By R Dutta Choudhury

Talking to The Assam Tribune, Das said that according to records available, since 1951, Assam lost at least 8,000 square kilometres of land, that is around 60 lakh bighas. He pointed out that as land holdings in Assam are much smaller compared to some other states of the country, it is estimated that around 10 lakh families have become landless over the years. He expressed the view that erosion is much bigger threat to Assam than floods. After floods, the affected people can recover from the losses that they suffer and they can go for alternative cultivation after flood water recedes. But in case of erosion, those who lose their land have nothing to sustain and most farmers do not have other skills to sustain themselves, he pointed out.

The retired bureaucrat said that the bed of the rivers became shallow after the great earthquakes in 1897 and 1950, which reduced the water carrying capacity and the problem of erosion aggravated. He pointed out that if one examines the maps of the Survey of India since 1872, it is easily visible that the width of the river Brahmaputra is increasing in different parts through its course through Assam.

Das expressed the view that the State Government should keep mounting pressure on the Centre to declare erosion as a natural calamity so that adequate compensation can be paid to the people who lose their land in erosion. If the affected people get compensation, they would be able to buy plots of land in other parts. But now the erosion hit people do not get any compensation and most have been forced to live on embankments or encroach upon Government land, he added.

The former additional Chief Secretary further said that there should be a proper probe into the quality of the embankments and the estimates of the construction and repair of embankments should be made public as the people have the right to know the details. He also suggested that there should be a technical study by involving technical institutes on the ways to protect the State from erosion, the places where land can be reclaimed etc.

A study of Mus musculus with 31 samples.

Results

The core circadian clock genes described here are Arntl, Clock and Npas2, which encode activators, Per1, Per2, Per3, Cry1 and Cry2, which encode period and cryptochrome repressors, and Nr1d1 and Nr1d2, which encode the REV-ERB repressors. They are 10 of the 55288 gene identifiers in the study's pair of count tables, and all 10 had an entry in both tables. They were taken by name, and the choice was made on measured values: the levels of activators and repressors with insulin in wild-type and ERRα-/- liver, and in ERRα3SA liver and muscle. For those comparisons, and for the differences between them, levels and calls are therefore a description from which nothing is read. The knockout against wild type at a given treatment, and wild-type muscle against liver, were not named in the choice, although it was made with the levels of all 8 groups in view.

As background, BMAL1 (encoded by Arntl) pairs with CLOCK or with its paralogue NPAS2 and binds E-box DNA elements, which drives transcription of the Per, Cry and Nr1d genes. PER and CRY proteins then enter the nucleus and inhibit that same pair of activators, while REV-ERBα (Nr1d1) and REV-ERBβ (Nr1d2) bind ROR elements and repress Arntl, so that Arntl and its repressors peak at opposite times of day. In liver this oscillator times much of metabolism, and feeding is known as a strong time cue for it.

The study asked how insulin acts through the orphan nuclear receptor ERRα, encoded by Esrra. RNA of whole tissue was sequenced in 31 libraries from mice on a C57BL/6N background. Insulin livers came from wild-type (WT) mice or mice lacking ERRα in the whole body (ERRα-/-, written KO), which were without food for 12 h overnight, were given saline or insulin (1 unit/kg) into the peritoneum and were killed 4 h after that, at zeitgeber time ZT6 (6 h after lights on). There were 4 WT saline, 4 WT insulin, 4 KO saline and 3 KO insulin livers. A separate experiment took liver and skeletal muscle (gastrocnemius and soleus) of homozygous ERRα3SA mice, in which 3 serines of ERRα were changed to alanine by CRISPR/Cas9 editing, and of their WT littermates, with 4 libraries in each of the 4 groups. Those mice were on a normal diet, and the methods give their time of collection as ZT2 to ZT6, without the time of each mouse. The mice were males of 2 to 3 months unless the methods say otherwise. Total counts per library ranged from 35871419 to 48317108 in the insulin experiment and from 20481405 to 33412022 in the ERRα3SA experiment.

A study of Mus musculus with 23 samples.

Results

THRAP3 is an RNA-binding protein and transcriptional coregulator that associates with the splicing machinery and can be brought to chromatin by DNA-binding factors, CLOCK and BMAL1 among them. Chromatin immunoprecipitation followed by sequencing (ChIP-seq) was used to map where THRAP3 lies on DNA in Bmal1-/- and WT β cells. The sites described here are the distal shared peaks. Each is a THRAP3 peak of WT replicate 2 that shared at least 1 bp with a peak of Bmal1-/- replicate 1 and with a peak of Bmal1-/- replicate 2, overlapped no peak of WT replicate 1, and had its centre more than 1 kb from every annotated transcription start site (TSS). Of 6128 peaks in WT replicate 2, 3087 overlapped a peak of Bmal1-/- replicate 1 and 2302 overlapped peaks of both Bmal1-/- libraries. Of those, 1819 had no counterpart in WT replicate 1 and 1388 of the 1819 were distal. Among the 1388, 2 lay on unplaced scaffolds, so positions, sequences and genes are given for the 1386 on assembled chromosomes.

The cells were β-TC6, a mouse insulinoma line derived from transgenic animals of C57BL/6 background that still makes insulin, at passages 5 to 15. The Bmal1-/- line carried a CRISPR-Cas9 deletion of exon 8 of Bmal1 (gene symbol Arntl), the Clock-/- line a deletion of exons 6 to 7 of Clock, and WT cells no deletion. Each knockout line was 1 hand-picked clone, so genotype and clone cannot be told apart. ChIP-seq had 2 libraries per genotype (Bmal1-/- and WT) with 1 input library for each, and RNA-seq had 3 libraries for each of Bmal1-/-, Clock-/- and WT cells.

GUWAHATI, July 22 - Erosion is a much bigger problem in Assam than floods and every year, a large number of people lose their lands due to erosion. The State Government should strongly take up the issue with the Centre so that adequate compensation can be given to the erosion hit people. This was the view of former additional Chief Secretary CK Das, who served in the Revenue Department for long periods in different capacities during his career as an Indian Administrative Service (IAS) officer.

Talking to The Assam Tribune, Das said that according to records available, since 1951, Assam lost at least 8,000 square kilometres of land, that is around 60 lakh bighas. He pointed out that as land holdings in Assam are much smaller compared to some other states of the country, it is estimated that around 10 lakh families have become landless over the years. He expressed the view that erosion is much bigger threat to Assam than floods. After floods, the affected people can recover from the losses that they suffer and they can go for alternative cultivation after flood water recedes. But in case of erosion, those who lose their land have nothing to sustain and most farmers do not have other skills to sustain themselves, he pointed out.

The retired bureaucrat said that the bed of the rivers became shallow after the great earthquakes in 1897 and 1950, which reduced the water carrying capacity and the problem of erosion aggravated. He pointed out that if one examines the maps of the Survey of India since 1872, it is easily visible that the width of the river Brahmaputra is increasing in different parts through its course through Assam.

Das expressed the view that the State Government should keep mounting pressure on the Centre to declare erosion as a natural calamity so that adequate compensation can be paid to the people who lose their land in erosion. If the affected people get compensation, they would be able to buy plots of land in other parts. But now the erosion hit people do not get any compensation and most have been forced to live on embankments or encroach upon Government land, he added.

The former additional Chief Secretary further said that there should be a proper probe into the quality of the embankments and the estimates of the construction and repair of embankments should be made public as the people have the right to know the details. He also suggested that there should be a technical study by involving technical institutes on the ways to protect the State from erosion, the places where land can be reclaimed etc.